Germany Expects Violent Protests During G20 Summit
Police expect an outbreak of violence as dozens of rallies, including one named “Welcome to Hell,” have been announced in Hamburg ahead of the G20 summit there. Left-wing radicals are vowing to “protest in all kinds of ways.”
About 30 demonstrations are expected to be held in Hamburg over the course of the summit week from July 1-9, according to German media. The organizers expect a peak of over 100,000 protesters, while police say that at least 8,000 of the demonstrators will be anarchists and various left-wing radicals, whose major goal is to disrupt the G20 meeting.
More than 20,000 police officers from across Germany have been deployed to the city along with 28 helicopters, 185 police dogs, 40 water cannons and as many as 3,000 police vehicles to provide security for the summit, the German Muenchener Merkur daily reports.
German Chancellor Angela Merkel on Thursday urged protesters to remain peaceful when they rally against a G20 summit next week, when police expect thousands of anti-capitalist militants.
Merkel told parliament that “we know there will be protests, and that is more than legitimate in a democracy”.
“But I hope, for the sake of the citizens of Hamburg and the security forces… that these protests will be peaceful”.
About 30 demonstrations have been registered in Hamburg before and during the summit.
Most are expected to be peaceful, but some, with mottos such as “Shut Down G20” and “G20 – Welcome to Hell”, are considered likely to escalate.
One of the biggest police concerns is a rally, which will be held on July 6 under the slogan “Welcome to Hell,” and is organized by several left-wing radical groups. Some 5,000 protesters are expected to take part in the rally, which is likely to end up in clashes between the demonstrators and police, Merkur claims.
“It’s a combative message… but it’s also meant to symbolize that G20 policies worldwide are responsible for hellish conditions like hunger, war and the climate disaster,” Andreas Blechschmidt, one of the organizers of the “Welcome to Hell” rally, told AFP.
He also said that the activists would try to block access to the summit venue and “reserve for themselves the option of militant resistance” against police officers.
“Massive civil disobedience is not a riot,” Berg added, as he justified the planned action.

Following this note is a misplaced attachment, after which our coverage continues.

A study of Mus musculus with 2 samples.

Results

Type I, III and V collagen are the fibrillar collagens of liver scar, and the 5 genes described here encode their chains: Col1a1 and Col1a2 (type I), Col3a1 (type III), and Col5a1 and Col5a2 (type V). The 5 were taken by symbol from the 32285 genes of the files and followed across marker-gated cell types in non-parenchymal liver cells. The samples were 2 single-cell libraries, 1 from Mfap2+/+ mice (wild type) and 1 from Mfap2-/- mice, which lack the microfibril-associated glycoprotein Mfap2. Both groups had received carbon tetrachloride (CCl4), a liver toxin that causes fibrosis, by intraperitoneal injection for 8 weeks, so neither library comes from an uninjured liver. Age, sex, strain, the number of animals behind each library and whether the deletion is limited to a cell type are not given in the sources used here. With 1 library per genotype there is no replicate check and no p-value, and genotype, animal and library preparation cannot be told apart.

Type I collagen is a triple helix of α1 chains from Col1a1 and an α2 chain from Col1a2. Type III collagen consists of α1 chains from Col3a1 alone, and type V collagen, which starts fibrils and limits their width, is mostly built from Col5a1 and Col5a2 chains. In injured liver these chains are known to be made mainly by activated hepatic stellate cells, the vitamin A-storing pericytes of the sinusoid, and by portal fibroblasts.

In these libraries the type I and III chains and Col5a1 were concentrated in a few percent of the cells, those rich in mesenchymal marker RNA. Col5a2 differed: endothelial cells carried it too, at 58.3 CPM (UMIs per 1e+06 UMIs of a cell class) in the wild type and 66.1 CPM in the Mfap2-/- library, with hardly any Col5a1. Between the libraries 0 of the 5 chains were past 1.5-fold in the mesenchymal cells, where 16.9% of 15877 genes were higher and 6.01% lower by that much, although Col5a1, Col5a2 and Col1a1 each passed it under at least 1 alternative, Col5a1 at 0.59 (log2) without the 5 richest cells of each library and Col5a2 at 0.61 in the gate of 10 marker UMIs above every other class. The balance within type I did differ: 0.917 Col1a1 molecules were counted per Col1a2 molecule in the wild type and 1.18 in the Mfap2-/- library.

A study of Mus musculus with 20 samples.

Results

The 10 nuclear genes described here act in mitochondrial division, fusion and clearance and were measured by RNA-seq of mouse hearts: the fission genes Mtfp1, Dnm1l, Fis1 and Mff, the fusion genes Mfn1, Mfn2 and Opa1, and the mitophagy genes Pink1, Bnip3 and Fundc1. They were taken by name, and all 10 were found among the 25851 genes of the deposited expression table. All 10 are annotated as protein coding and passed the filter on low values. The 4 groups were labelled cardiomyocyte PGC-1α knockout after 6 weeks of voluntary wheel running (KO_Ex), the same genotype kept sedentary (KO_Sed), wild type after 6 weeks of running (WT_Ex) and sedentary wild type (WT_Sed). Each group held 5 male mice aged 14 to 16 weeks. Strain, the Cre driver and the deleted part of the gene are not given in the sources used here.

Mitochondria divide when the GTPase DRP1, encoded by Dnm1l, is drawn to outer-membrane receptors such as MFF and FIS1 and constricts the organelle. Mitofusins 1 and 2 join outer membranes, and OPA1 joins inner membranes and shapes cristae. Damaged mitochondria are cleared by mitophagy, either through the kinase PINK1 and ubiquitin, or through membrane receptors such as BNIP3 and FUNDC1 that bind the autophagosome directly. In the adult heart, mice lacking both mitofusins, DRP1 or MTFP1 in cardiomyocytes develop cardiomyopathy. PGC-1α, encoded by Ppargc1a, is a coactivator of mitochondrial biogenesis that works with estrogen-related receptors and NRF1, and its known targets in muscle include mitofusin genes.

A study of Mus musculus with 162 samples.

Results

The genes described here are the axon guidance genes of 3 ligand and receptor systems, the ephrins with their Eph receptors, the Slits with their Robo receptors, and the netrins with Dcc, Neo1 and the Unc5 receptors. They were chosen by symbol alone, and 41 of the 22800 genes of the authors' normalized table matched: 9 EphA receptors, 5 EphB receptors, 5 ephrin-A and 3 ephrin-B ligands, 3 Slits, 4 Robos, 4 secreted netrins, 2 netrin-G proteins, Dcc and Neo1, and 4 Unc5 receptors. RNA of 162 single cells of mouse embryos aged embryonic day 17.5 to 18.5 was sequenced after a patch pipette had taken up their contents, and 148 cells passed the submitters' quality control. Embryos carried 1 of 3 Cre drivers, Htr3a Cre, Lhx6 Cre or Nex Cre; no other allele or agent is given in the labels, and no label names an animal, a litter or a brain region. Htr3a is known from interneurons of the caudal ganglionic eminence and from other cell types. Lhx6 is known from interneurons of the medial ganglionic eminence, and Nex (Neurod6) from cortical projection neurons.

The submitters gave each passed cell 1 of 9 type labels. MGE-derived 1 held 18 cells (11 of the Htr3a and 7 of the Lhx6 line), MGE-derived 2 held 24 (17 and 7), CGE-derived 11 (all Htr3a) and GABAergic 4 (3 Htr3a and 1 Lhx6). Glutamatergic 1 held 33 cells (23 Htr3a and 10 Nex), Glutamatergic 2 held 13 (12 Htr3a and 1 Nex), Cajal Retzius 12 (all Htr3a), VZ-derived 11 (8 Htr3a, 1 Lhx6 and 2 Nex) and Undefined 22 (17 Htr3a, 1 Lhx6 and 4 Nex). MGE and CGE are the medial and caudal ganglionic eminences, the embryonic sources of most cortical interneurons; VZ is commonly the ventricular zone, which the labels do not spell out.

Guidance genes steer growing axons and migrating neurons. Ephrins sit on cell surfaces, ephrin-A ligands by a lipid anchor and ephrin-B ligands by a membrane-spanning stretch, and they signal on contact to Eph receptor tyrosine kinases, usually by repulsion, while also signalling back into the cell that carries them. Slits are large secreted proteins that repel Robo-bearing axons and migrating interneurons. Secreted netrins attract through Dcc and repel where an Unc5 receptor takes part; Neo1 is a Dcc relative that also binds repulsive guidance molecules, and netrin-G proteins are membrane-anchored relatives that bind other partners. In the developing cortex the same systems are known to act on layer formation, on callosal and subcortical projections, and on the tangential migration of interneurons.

Police also anticipate that a rally held under the slogan “Enter G20 – sink capitalism,” which is scheduled to be held on July 7 and could be attended by some 2,000 people, could slide into violence as its organizers have links to some radical groups.
The second day of the summit, July 8, could potentially witness a 30,000-strong demonstration organized by Germany’s Die Linke (Left) Party, in which, however, some leftist radicals could also take part, Merkur reports.
The protesters also vowed to stage sit-down demonstrations and even set up camps across the city. So far, the German authorities have allowed the establishment of only one such camp, which is expected to be located outside of the “special zone.”
“It will be the biggest operation in the history of Hamburg’s police,” said the city-state’s police spokesman Timo Zell.
Protesters have voiced anger about Hamburg being turned into a police “fortress”, including a ban on demonstrations during the summit in most of the city centre and along roads to the airport, an area of 38 square kilometres (15 square miles).
Many Hamburg residents are fleeing town to evade traffic jams, ID checks and the noise of police helicopters above, and some shops near the summit are boarding up their windows.
Protesters have voiced anger about the city turning into a police “fortress”, and at a July 7-8 ban on demonstrations across most of the city which will force rallies into harbourside areas.
Georg Ismael, 25, of leftist group ArbeiterInnenMacht, said that given how police “are trying to put pressure on the organisations mobilising against the G20, you can expect them to be violent”.
“We are prepared and we’ll try to defend our democratic rights to assemble.”
Many fear a rerun of the kind of major urban clashes seen at the 2001 G8 summit in Genoa, or the Frankfurt opening of the new European Central Bank building in 2015.